In the latest exhibition, Reality Check, at the Swedish American Museum, Anna U Davis explores the concept of diffusion of responsibility and how it relates directly to social justice issues such as gender inequality, racial discrimination and climate change. On display are 16 works that exhibit Davis’ bold use of color, graphic sensibility and mixed-media work.
Diffusion of responsibility is a psychological phenomenon where a person is less likely to take action when in the presence of a large group of people. Examples include doing nothing when you witness someone fall over on the sidewalk or staying silent when witnessing a co-worker being sexually or racially harassed in the workplace. In these situations, a person usually assumes that someone else will take action to correct the situation.
In this engaging exhibition, Davis’ work creates a narrative and shows how social inequality not only affects one on a personal level, but also has an impact on a global level. She avoids being preachy or too heavy handed in her message, allowing her characters to tell their story about inequality and gender relations.
A good example of this is Shark-cuteri. In this work, we see a nude woman with various parts of her body labeled like a diagram of a steer’s body that identifes the different cuts of beef. The woman rests on a pile of meat products that further enhance the idea that her body is meant to be packaged and consumed like food. Four figures in the background give her leering looks and salivate at the thought of consuming her various body parts for their own pleasure.
Another strong work that speaks about the objectification of the female body is Drop Dead Gorgeous where we see a woman on an operating table going through the painful process of plastic surgery to transform herself to a standard of beauty that society finds acceptable. We see body parts manipulated and adjusted as a group of people look on as if they are watching a sporting event.
Davis also shows us the burden one must carry when choosing to take action for a social cause. This concept is illustrated in a vivid manner in Our Weight where we see a figure struggling with great difficulty to lift a massive brick. This work reminds us of the effort it takes to make a change, particularly in a world where most people are reluctant to take an active role in social justice issues.
Biosphere addresses the issue of climate change as we see a woman sitting by a tree in a large glass jar that acts as a biosphere of sorts. On the surface, this work has a meditative quality as we see a woman connecting with nature, but upon closer examination, we see that this woman is not in a blissful state, but instead, looks trapped in a claustrophobic environment. This work acts as a bleak warning about global warming, and how at some point, we may only be able to enjoy nature in an unnatural setting.
A few of her works also have a brooding quality such as A Fragment of Time where we see a young girl sitting on a swing in what seems like an innocent and carefree scene. But what seems like innocence gives way to something more ominous because there is a look of gloom on the girl’s face and we are left with an uneasy feeling that this girl’s life isn’t as carefree as it seems. This work tells us in a disquieting way that for many children, there is a dark undercurrent taking place beneath a veil of innocence.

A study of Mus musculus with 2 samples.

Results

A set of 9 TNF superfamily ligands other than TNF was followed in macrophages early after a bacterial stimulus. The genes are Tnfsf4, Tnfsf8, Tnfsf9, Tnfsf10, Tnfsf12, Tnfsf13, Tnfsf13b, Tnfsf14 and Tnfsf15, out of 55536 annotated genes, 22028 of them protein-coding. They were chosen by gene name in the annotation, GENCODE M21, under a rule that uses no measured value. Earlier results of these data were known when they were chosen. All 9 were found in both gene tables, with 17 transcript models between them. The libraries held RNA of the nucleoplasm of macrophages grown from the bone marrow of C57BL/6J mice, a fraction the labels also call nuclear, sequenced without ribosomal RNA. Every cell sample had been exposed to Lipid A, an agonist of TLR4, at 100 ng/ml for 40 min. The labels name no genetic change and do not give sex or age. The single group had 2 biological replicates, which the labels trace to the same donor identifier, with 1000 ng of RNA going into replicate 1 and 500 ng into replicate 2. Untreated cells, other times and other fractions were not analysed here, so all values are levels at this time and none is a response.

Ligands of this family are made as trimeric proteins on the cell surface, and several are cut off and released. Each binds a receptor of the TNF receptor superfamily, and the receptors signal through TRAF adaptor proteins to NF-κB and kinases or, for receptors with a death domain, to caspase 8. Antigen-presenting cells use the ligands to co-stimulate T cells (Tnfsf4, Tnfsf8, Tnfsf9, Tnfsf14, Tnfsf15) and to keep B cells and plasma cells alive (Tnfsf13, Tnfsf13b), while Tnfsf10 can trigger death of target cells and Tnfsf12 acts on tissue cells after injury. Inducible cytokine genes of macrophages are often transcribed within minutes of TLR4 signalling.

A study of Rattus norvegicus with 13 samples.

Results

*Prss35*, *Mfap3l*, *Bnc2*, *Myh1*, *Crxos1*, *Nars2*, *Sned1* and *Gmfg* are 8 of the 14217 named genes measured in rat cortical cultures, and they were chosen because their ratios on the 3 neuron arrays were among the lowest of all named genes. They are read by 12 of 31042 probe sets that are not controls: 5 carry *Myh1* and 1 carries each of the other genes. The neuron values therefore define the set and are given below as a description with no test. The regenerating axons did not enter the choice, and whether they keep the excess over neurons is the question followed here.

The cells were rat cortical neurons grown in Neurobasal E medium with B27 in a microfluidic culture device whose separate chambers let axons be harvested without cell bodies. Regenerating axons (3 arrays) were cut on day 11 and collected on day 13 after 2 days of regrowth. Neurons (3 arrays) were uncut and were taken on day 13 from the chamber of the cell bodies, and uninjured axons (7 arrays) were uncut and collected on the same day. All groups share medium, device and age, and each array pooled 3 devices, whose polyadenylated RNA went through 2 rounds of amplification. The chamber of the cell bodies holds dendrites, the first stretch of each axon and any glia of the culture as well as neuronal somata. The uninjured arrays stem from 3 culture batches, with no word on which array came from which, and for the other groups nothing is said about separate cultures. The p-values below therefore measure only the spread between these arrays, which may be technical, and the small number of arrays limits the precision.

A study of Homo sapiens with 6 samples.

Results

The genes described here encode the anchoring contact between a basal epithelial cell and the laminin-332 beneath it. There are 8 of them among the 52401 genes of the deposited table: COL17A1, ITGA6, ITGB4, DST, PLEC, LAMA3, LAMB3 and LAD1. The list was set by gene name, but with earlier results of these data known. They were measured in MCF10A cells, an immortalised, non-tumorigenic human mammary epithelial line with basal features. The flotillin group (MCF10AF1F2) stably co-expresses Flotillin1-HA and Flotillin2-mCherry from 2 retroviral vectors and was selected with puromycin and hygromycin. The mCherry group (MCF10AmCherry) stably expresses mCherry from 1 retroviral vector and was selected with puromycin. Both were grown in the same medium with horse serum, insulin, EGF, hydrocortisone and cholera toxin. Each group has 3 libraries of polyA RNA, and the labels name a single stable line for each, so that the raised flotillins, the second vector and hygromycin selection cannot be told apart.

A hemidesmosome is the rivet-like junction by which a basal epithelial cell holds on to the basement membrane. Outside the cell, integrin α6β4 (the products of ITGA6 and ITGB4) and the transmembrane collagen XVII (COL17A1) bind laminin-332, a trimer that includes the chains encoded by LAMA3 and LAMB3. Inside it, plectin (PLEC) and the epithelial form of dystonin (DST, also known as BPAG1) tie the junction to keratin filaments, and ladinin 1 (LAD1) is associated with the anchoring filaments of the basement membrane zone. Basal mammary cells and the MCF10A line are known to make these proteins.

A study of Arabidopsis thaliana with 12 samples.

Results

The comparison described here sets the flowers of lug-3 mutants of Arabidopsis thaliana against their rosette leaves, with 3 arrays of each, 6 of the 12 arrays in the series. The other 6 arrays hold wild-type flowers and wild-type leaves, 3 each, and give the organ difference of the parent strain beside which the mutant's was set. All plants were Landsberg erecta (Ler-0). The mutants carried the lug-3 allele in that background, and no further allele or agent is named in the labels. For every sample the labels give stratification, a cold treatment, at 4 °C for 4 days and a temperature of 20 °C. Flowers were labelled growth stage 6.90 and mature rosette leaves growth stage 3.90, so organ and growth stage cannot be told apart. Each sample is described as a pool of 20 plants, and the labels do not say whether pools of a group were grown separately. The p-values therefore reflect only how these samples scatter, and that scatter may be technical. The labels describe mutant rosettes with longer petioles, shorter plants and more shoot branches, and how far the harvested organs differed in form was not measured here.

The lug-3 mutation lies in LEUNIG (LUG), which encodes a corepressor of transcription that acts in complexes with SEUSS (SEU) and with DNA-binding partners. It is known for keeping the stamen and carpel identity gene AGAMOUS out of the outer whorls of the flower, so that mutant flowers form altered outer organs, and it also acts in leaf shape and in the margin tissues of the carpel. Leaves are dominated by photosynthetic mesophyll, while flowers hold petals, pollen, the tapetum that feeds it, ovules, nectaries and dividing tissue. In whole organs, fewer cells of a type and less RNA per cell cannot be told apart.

In most of her works, Davis uses her signature Frocasian characters—grey-toned figures that were born out of her interracial marriage. These grey-toned figures create an impact in her work because they transcend the racial divide in our society. Also on an aesthetic level, the grey-toned characters are an appealing choice because they create a contrast against her bold use of colors.
Reality Check is a powerful exhibition because Davis is not just making a statement about social inequalities, but also shows how our indifference can lead to negative consequences. She challenges us as to what role we should play. Do we merely act as indifferent bystanders while waiting for others to take action for social justice? Or do we become active participants working for change?
Davis was born in Lund, Sweden, in 1975 and moved to the United States in 1998, graduating with a BA in painting from the University of the District of Columbia in 2002. Davis’ artwork has been shown in solo and group exhibitions in the United States, Europe and Cuba, including those at the Corcoran Gallery of Art, House of Sweden, Bredgade Kunsthandel and Hemphill Fine Arts. Her work can be found in public and private collections in the United States and in Europe. Davis currently lives and works in Washington, DC.
For those who are interested in learning more about the artist and her work, an artist talk with Anna U Davis will be held on Saturday and Sunday, September 18 and 19, at noon. For more information on how to attend this event, please visit the museum website.
Reality Check will be on display through November 28 at the Swedish American Museum located at 5211 N. Clark. Museum hours: Wednesday through Friday: 10am to 4pm and Saturday and Sunday: 11am to 4pm. For more information about other exhibitions and events at the museum, visit their website or call 773-728-8111. Admission: $6 for adults; $4 for children, students and seniors; $15 for families (2 adults and 3 children under 18).